Since the success of the Jurassic Park film series, it is widely known that insects from the Age of the Dinosaurs can be found exceptionally well preserved in amber, which is in fact fossilised tree resin.
Especially diverse is the animal fauna preserved in Cretaceous amber from Myanmar (Burma). Over the last few years, the almost 100-million-year-old amber has revealed some spectacular discoveries, including dinosaur feathers, a complete dinosaur tail, unknown groups of spiders and several long extinct groups of insects.
However, as few as three millipede species, preserved in Burmese amber, had been found prior to the study of Thomas Wesener and his PhD student Leif Moritz at the Zoological Research Museum Alexander Koenig — Leibniz Institute for Animal Biodiversity (ZFMK). Their research was recently published in the open-access journal Check List.
Having identified over 450 millipedes preserved in the Burmese amber, the scientists confirmed species representing as many as 13 out of the 16 main orders walking the Earth today. The oldest known fossils for half of these orders were found within the studied amber.
The researchers conducted their analysis with the help of micro-computed tomography (micro-CT). This scanning technology uses omni-directional X-rays to create a 3D image of the specimen, which can then be virtually removed from the amber and digitally examined.
The studied amber is mostly borrowed from private collections, including the largest European one, held by Patrick Müller from Käshofen. There are thought to be many additional, scientifically important specimens, perhaps even thousands of them, currently inaccessible in private collections in China.
Over the next few years, the newly discovered specimens will be carefully described and compared to extant species in order to identify what morphological changes have occurred in the last 100 million years and pinpoint the speciation events in the millipede Tree of Life. As a result, science will be finally looking at solving long-standing mysteries, such as whether the local millipede diversity in the southern Alps of Italy or on the island of Madagascar is the result of evolutionary processes which have taken place one, ten or more than 100-million years ago.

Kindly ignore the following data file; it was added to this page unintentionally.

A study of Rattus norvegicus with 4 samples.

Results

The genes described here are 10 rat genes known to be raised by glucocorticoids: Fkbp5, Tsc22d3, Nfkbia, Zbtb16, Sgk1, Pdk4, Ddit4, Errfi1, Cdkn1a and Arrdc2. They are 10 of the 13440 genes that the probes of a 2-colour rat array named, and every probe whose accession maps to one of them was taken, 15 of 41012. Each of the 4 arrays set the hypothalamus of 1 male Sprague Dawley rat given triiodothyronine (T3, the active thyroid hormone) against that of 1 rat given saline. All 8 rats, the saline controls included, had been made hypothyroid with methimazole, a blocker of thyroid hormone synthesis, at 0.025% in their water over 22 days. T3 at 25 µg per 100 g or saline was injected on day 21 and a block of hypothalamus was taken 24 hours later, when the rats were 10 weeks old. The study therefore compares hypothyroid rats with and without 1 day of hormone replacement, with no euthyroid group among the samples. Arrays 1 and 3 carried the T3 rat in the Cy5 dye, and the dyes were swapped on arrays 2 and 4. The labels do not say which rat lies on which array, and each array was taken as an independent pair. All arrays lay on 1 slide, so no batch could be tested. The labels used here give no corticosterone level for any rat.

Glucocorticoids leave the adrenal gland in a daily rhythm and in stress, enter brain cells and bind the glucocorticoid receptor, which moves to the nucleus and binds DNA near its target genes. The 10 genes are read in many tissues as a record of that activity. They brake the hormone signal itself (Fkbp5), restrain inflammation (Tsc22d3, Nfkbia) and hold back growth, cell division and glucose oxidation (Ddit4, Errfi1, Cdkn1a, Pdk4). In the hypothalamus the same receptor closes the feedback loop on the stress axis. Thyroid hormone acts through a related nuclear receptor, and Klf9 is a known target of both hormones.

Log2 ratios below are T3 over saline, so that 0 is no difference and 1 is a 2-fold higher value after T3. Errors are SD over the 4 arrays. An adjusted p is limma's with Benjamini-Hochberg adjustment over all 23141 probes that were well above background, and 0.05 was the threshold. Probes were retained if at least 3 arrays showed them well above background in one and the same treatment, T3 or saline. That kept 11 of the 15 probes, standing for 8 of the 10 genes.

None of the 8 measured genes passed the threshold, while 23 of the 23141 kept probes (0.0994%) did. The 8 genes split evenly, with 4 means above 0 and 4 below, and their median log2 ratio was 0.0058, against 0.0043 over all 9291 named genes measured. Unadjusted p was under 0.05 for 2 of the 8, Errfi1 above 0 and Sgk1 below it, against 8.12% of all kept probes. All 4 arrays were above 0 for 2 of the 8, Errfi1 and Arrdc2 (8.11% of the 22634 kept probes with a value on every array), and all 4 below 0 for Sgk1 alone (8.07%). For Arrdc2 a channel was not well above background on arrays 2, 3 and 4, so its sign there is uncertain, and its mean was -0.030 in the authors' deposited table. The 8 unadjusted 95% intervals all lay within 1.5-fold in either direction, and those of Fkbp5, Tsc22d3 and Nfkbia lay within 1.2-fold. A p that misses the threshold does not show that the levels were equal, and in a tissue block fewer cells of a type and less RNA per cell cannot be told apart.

According to the scientists, most of the Cretaceous millipedes found in the amber do not differ significantly from the species found in Southeast Asia nowadays, which is an indication of the old age of the extant millipede lineages.
On the other hand, the diversity of the different orders seems to have changed drastically. For example, during the Age of the Dinosaurs, the group Colobognatha — millipedes characterised by their unusual elongated heads which have evolved to suck in liquid food — used to be very common. In contrast, with over 12,000 millipede species living today, there are only 500 colobognaths.
Another curious finding was the discovery of freshly hatched, eight-legged juveniles, which indicated that the animals lived and reproduced in the resin-producing trees.
“Even before the arachnids and insects, and far ahead of the first vertebrates, the leaf litter-eating millipedes were the first animals to leave their mark on land more than 400-million-years ago,” explain the scientists. “These early millipedes differed quite strongly from the ones living today — they would often be much larger and many had very large eyes.”
The larger species in the genus Arthropleura, for example, would grow up to 2 m (6.5 ft) long and 50-80 cm (2-3 ft) wide — the largest arthropods to have ever crawled on Earth. Why these giants became extinct and those other orders survived remains unknown, partly because only a handful of usually badly preserved fossils from the whole Mesozoic era (252-66-million years ago) has been retrieved. Similarly, although it had long been suspected that the 16 modern millipede orders must be very old, a fossil record to support this assumption was missing.